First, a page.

What happened with water privatization in Cochabamba Bolivia?

In 2000, privatisation of the drinking water in Cochabamba incurred violent protests and escalated into the so-called Water War of Cochabamba, which killed at least nine people. Eventually, the city’s water was renationalised and access to water received new legal backing.

How many people died in the Cochabamba water war?

Cochabamba Water War/Total number of deaths

Who led the Bolivian Water War?

Óscar Olivera
There were street protests, and a broad coalition emerged, called the Coördinator for the Defense of Water and Life, or simply La Coordinadora, led by Óscar Olivera. Olivera, who is forty-six, at first seems an unlikely leader.

Is water in Bolivia still privatized?

The water and sewer system of El Alto was privatized to Aguas del Illimani in July 1997 when the World Bank made water privatization a condition of a loan to the Bolivian government. A water and sewer hookup for a single household exceeded $445, while many Bolivians earn about $2.50 a day.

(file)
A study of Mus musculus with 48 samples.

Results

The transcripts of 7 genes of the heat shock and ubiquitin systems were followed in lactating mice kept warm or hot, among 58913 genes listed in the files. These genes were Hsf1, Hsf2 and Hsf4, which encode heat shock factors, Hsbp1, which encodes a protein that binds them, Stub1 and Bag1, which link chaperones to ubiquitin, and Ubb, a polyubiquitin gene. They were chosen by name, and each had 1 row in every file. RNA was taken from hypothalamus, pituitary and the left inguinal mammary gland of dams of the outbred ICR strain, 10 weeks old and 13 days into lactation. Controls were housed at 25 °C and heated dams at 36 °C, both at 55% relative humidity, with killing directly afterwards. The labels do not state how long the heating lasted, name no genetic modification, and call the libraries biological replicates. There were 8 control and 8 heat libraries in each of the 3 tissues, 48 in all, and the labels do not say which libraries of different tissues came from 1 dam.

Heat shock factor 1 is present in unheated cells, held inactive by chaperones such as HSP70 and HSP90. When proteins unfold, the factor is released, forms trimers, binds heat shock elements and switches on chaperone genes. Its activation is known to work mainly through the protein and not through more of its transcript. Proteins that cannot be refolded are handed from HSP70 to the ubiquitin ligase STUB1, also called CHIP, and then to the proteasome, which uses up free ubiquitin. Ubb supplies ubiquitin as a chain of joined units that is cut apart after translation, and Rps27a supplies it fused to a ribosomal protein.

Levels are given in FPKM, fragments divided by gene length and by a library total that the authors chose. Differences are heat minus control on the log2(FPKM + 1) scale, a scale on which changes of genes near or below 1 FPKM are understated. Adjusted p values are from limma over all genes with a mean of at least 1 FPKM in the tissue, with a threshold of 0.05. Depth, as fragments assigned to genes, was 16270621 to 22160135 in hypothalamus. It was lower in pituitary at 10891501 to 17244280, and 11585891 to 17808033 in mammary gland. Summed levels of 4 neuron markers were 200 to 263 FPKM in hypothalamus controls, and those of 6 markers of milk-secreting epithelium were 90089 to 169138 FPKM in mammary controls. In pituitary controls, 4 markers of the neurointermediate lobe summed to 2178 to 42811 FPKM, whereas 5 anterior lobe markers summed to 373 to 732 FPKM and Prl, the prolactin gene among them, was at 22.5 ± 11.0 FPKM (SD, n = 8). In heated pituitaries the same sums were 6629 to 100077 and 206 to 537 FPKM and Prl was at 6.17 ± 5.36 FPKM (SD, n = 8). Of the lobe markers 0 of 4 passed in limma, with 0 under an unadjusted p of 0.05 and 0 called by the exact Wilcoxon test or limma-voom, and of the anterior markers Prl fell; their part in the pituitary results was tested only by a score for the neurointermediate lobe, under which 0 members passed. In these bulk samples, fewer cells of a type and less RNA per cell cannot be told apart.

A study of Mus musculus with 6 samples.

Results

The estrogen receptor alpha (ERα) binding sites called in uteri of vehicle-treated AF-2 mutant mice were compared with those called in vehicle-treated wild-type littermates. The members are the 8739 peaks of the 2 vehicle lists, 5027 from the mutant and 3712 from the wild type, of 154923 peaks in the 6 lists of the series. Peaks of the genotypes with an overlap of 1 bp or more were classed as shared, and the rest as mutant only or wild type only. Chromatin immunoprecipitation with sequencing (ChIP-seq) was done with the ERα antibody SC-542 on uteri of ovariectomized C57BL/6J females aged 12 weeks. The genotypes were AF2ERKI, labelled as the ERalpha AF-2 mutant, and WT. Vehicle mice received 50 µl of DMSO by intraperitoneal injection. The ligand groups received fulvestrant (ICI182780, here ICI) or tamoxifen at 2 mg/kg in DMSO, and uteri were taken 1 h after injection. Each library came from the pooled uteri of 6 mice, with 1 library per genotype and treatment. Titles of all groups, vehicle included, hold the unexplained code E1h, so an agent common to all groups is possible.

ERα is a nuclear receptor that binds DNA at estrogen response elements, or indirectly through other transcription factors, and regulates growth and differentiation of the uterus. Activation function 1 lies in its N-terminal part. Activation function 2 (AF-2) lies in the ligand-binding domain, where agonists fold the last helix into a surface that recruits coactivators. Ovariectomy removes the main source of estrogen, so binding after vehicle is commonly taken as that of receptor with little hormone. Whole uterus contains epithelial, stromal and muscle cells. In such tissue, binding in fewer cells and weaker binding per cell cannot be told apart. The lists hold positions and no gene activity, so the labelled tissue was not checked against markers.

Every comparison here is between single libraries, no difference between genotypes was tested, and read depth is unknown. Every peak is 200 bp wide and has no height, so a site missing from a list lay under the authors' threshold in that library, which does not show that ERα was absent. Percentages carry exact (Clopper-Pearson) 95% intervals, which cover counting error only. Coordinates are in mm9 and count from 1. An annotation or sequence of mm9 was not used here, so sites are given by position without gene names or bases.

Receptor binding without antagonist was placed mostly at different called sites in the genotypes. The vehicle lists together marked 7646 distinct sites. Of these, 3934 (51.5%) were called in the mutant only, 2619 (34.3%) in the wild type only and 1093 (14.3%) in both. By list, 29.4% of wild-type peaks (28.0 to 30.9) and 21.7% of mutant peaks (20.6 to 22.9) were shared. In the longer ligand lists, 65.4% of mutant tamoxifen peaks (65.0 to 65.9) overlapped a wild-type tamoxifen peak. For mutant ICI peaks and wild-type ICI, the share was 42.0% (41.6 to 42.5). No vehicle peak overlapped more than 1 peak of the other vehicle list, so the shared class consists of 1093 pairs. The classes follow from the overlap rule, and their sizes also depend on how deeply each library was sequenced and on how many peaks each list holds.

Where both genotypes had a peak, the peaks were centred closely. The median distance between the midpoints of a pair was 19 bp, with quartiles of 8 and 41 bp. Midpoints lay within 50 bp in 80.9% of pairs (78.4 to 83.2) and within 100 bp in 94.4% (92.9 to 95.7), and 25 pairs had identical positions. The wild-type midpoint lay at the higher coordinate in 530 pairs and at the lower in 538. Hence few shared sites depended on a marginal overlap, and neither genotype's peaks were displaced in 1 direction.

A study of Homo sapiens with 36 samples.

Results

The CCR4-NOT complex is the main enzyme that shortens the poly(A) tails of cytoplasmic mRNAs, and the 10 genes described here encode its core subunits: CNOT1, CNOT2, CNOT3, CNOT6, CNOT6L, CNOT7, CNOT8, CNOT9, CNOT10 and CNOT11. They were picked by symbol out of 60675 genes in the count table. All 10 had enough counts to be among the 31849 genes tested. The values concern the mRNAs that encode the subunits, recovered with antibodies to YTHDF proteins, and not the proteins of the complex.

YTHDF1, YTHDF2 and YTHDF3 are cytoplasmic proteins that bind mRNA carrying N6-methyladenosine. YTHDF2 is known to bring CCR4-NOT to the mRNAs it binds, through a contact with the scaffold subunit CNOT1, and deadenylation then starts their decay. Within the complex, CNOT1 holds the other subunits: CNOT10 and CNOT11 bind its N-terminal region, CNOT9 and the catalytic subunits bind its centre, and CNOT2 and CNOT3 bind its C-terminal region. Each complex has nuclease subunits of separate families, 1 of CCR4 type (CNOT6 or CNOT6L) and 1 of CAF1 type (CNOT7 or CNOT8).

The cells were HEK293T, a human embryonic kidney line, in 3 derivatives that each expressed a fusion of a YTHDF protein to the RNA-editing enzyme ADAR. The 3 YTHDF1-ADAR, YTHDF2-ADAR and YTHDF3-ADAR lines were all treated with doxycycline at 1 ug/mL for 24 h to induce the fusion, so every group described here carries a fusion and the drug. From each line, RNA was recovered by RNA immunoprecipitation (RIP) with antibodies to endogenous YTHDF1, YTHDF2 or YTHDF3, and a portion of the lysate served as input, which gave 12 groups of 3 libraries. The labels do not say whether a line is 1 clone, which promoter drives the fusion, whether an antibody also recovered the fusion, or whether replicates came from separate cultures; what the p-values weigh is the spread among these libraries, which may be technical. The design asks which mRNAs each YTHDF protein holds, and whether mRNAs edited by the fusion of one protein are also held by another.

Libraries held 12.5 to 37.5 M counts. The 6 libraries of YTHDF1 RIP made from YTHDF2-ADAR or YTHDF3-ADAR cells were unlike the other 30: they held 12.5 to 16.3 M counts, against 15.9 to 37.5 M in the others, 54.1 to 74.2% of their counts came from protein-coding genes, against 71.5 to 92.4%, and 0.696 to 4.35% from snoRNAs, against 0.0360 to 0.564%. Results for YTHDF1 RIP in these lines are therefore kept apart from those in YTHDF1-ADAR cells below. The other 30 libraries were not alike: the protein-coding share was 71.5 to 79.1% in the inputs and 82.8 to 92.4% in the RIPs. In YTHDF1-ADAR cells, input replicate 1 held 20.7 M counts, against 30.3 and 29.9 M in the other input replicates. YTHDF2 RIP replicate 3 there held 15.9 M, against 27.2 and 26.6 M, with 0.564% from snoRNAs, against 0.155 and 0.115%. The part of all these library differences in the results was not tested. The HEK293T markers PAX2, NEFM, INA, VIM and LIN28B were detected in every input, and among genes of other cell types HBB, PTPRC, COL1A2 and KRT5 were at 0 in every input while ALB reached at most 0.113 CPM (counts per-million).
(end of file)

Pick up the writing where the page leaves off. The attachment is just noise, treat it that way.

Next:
Why did Cochabamba residents protest in 2000?

The Cochabamba Water War was a series of protests that took place in Cochabamba, Bolivia’s fourth largest city, between December 1999 and April 2000 in response to the privatization of the city’s municipal water supply company SEMAPA.

Is water private in Bolivia?

How long did the water war in Bolivia last?

One civilian was killed. On 10 April 2000, the national government reached an agreement with the Coordinadora to reverse the privatization….

Cochabamba Water War
Date November 1999 – April 2000
Location Cochabamba, Bolivia

Is Bolivia cheap to visit?

Bolivia has long been a favourite among backpackers and adventure travellers due to the simple fact that it is very affordable to travel. The costs of things like eating out at a nice restaurant, sleeping at a budget hotel, and going for a night drinking on the town often seem too good to be true.